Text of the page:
The neo-natal intensive care unit at any hospital can be a scary place for parents.
It's where the tiniest patients go as soon as their born, whether they were born too early or with complications, but a North Texas family is calming the fears of NICU parents by giving them a way to be with their babies, even from miles away.
"It fires me up. I get so excited every time I meet someone who's used a camera," said Amy Skaggs.
Amy and her husband, Chris, purchased the cameras, now installed in the NICU of Texas Health Plano, through fundraising efforts after tragedy stuck their own family.
Five years ago, Jaxon and Leighton Skaggs were born at 28 weeks, but three weeks into her short life, Leighton passed away from an infection, late-onset group b strep.
"This is the only home she ever knew. These nurses and doctors were her family," said Amy Skaggs.
It was when they took Jaxon home that the Skaggs had an idea.
"She literally rolled over on her bedside turned on the monitor and just saw him there sleeping peacefully. We were like, 'that's it! Why didn't we have this in the NICU?'" said Chris Skaggs.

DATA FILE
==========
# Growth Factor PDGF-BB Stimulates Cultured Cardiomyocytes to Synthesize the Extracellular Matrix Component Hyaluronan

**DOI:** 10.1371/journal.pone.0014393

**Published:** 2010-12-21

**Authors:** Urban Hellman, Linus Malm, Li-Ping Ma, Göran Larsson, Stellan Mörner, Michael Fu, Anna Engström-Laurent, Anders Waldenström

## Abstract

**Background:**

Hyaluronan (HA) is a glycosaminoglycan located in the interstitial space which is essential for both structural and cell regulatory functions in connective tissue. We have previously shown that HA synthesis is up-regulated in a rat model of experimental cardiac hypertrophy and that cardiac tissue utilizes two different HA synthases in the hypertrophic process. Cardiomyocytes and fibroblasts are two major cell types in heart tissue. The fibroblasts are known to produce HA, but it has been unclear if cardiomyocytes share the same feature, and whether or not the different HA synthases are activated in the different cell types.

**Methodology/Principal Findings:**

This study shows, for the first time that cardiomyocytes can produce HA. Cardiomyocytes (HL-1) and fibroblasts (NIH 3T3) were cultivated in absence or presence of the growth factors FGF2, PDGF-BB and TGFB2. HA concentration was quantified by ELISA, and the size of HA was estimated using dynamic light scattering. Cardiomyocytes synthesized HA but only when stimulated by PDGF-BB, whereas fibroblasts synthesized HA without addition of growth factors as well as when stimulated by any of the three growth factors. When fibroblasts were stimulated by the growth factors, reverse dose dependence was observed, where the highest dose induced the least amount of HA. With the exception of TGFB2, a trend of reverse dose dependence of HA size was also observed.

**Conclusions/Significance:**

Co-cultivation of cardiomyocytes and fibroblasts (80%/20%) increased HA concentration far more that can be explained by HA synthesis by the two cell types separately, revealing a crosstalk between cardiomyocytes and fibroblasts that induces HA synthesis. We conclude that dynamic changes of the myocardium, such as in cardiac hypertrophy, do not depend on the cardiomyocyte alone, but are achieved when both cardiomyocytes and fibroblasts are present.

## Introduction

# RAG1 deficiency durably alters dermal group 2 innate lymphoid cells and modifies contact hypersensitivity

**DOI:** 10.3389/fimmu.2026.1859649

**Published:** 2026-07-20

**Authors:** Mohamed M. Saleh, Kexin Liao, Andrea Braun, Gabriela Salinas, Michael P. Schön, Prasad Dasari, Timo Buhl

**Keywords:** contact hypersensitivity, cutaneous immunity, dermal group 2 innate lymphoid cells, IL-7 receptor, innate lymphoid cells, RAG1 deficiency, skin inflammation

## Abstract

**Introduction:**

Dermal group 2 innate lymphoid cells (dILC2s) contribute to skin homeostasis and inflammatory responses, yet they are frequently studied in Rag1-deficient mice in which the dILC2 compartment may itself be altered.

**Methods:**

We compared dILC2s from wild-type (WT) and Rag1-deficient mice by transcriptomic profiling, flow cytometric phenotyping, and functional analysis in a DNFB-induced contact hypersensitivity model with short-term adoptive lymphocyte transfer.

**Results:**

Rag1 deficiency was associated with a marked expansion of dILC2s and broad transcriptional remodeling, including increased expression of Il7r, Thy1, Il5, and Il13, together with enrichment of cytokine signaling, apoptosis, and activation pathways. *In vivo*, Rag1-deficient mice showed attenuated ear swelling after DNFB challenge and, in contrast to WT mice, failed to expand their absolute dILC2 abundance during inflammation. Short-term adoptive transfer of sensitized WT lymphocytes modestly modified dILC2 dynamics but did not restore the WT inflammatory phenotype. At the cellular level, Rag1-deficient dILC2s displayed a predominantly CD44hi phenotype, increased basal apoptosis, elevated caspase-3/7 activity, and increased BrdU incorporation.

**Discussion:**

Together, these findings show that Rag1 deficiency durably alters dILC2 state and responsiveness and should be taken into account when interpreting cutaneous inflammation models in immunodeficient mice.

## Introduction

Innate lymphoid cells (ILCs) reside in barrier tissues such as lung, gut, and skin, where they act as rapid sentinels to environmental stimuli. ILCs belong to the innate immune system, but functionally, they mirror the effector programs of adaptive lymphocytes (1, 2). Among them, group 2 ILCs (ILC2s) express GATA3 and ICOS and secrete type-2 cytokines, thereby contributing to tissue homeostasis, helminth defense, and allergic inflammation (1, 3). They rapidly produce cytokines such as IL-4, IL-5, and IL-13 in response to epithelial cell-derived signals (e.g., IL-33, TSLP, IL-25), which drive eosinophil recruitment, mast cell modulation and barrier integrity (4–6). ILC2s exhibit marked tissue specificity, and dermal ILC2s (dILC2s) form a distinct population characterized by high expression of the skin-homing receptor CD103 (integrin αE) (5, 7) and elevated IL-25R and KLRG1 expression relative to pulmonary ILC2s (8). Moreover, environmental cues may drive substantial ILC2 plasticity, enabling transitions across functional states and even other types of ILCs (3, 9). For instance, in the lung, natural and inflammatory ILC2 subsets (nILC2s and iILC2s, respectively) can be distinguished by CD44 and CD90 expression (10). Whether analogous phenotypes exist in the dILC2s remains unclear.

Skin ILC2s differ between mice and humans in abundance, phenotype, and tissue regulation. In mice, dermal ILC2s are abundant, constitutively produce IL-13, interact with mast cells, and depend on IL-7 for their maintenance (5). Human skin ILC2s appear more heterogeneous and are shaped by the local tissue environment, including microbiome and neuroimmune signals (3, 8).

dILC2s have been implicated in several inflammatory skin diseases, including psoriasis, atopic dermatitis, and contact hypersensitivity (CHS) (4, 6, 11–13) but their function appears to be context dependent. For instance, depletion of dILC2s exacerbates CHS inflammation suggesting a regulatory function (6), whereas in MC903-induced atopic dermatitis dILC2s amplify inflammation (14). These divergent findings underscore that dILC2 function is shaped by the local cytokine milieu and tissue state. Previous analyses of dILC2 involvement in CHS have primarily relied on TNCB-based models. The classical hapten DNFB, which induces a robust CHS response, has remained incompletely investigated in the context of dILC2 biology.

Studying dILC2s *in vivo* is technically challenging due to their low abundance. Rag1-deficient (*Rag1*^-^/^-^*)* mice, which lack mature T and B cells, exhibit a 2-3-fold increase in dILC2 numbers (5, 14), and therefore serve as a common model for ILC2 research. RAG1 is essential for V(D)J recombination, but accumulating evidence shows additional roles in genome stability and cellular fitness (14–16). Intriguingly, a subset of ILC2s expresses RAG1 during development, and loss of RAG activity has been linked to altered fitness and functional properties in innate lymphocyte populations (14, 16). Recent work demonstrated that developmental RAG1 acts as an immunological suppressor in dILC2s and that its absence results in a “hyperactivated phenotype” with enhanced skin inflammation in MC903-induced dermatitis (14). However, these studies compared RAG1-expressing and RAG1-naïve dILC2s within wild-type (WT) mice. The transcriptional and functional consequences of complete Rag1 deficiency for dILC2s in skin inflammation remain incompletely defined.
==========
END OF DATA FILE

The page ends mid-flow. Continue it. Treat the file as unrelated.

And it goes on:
The couple started the "Leighton's Gift", a project to outfit cameras inside the NICU at Texas Health Plano and beyond.
May's motorcycle ride was their most successful event to date.
So far, they've raised enough to install 19 cameras, but the goal is to buy cameras for all 45 NICU beds.
"It just makes everything worth it, what we've gone through to see that this is helping and giving her legacy at the same time," said Amy.
For new parents, the technology has eased their concerns about the NICU and enables family all over the world to see their new bundles of joy.
Colin and Maggie Jefferson just welcomed their twins, Ellison and Ian, a few weeks ago at Texas Health Plano and since the babies were born prematurely, they were admitted into the NICU.
"It's been a roller coaster. I was kind of scared of the NICU," said Maggie Jefferson.
Luckily, they're able to take advantage of the cameras installed on the babies' beds that deliver live-streaming video to the Jeffersons' mobile devices.
"Being a new mom, you're anxious. You want to see them all the time anyways. It's been amazing that I could look at them and it's almost like they're with me, you know, having them on my cell phone," said Maggie.
The Skaggs say it's technology they wish they had during their hospital stay and hope their story inspires others to donate to the cause.
To learn more and to donate, you can visit the Leighton's Gift website.